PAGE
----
Lunar crash proves nothing

Impression of the probes last moments

By BBC News Online Science Editor Dr David Whitehouse

It seems that Lunar Prospector's violent collision with the Moon left no visible cloud of dust. Researchers will still analyse their images to see if they can find traces of water in a vapour plume possibly created by the impact.

[ image: Impact point]
Impact point
But even if they do not find anything it does not mean that there is no water at the Moon's poles. The Lunar Prospector impact was no "make-or break" mission for lunar water and many have not realised just how low the chances of success were.

The spacecraft struck the Moon with some force, equivalent to a two tonne car travelling at 1,600 km/h (1,000 mph). The impact point was deep in a shadow in the eternally-dark depths of a crater.

But we know from the Apollo landings that the lunar surface can be variable. It is highly likely that the spacecraft struck a big rock and shattered without disturbing much dust.

Also, if the lunar ice is patchy it may simply have missed the icefield or struck the Moon at such a shallow angle that it just rolled over and over until it stopped.

No news: good news?

It is going too far to say that the non-detection of the impact makes the case for lunar ice less likely.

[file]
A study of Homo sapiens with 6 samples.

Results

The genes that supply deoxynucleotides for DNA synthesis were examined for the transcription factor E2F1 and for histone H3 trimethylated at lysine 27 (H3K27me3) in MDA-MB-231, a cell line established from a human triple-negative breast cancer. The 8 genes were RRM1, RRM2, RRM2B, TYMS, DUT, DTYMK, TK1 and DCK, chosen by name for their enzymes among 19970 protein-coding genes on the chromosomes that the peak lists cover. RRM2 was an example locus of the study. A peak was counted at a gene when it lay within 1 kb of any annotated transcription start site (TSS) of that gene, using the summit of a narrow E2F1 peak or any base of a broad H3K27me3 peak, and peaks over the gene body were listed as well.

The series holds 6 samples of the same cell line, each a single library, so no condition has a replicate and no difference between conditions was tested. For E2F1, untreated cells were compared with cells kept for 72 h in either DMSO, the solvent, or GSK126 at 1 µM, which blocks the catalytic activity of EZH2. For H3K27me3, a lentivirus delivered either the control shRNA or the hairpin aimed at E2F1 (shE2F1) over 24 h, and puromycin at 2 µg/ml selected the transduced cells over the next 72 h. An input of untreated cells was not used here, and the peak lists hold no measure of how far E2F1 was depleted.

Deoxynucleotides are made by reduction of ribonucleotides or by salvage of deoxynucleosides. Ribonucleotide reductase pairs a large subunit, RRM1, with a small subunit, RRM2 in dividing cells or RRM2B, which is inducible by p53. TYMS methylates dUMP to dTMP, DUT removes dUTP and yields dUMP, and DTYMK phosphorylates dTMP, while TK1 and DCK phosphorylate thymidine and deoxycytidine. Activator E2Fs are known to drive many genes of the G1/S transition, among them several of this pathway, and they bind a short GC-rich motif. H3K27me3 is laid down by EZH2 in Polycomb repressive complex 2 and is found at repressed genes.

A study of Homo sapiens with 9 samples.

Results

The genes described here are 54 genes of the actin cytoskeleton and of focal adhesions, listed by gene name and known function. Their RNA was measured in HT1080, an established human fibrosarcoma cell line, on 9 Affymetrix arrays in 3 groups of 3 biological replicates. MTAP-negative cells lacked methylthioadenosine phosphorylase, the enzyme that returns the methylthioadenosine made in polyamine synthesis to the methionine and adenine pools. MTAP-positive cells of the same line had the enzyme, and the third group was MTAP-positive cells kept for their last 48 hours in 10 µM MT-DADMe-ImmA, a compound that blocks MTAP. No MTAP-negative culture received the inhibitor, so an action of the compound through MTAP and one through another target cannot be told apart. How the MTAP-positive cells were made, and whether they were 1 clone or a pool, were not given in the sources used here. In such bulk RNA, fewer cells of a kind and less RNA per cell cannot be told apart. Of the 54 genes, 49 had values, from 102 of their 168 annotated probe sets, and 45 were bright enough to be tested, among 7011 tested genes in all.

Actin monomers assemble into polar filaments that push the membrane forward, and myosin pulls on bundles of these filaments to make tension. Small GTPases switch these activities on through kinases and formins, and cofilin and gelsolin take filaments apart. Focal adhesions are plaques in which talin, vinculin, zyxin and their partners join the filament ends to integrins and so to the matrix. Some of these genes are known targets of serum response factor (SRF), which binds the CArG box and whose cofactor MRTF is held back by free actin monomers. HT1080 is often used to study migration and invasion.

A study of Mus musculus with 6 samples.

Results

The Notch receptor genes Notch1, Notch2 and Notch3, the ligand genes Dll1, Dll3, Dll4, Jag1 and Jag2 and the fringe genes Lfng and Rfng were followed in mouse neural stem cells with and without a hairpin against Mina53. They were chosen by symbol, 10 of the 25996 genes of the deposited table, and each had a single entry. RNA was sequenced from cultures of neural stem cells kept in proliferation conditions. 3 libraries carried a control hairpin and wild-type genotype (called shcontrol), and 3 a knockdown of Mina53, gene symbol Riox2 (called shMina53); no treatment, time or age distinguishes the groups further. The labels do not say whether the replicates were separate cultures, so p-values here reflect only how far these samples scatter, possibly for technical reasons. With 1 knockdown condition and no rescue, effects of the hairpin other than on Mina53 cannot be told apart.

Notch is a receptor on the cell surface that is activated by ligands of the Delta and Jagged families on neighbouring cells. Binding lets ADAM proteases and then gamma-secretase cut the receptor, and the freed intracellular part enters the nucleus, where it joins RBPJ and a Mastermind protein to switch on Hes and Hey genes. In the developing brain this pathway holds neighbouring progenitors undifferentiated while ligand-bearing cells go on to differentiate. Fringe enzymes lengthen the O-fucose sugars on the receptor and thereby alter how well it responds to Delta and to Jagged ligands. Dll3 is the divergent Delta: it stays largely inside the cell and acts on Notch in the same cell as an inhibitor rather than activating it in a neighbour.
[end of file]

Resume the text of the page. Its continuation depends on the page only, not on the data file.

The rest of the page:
Even if it had kicked up a dust and water plume it may have been undetectable.

Given the most favourable circumstances, the dust plume would have stretched only 22 km (14 miles) above the Moon's surface and would have been 100,000 times fainter than the brightness of the lunar limb.

What is more, the water plume would never have been detectable from Earth. Only one satellite in Earth orbit had any chance of seeing it.

Water of life

The search for water is more than a scientific curiosity. Large stores of ice on the moon would make it much easier and cheaper to establish a base there, or to use the moon as a staging post to more distant bodies.

The observations made by Lunar Prospector from lunar orbit provide extremely strong, almost compelling, evidence that there is water at the Moon's poles.

To prove it will require a probe to land on the surface and do some digging.

At present no one plans to do this. The European Space Agency was considering such a proposal - but then cancelled it.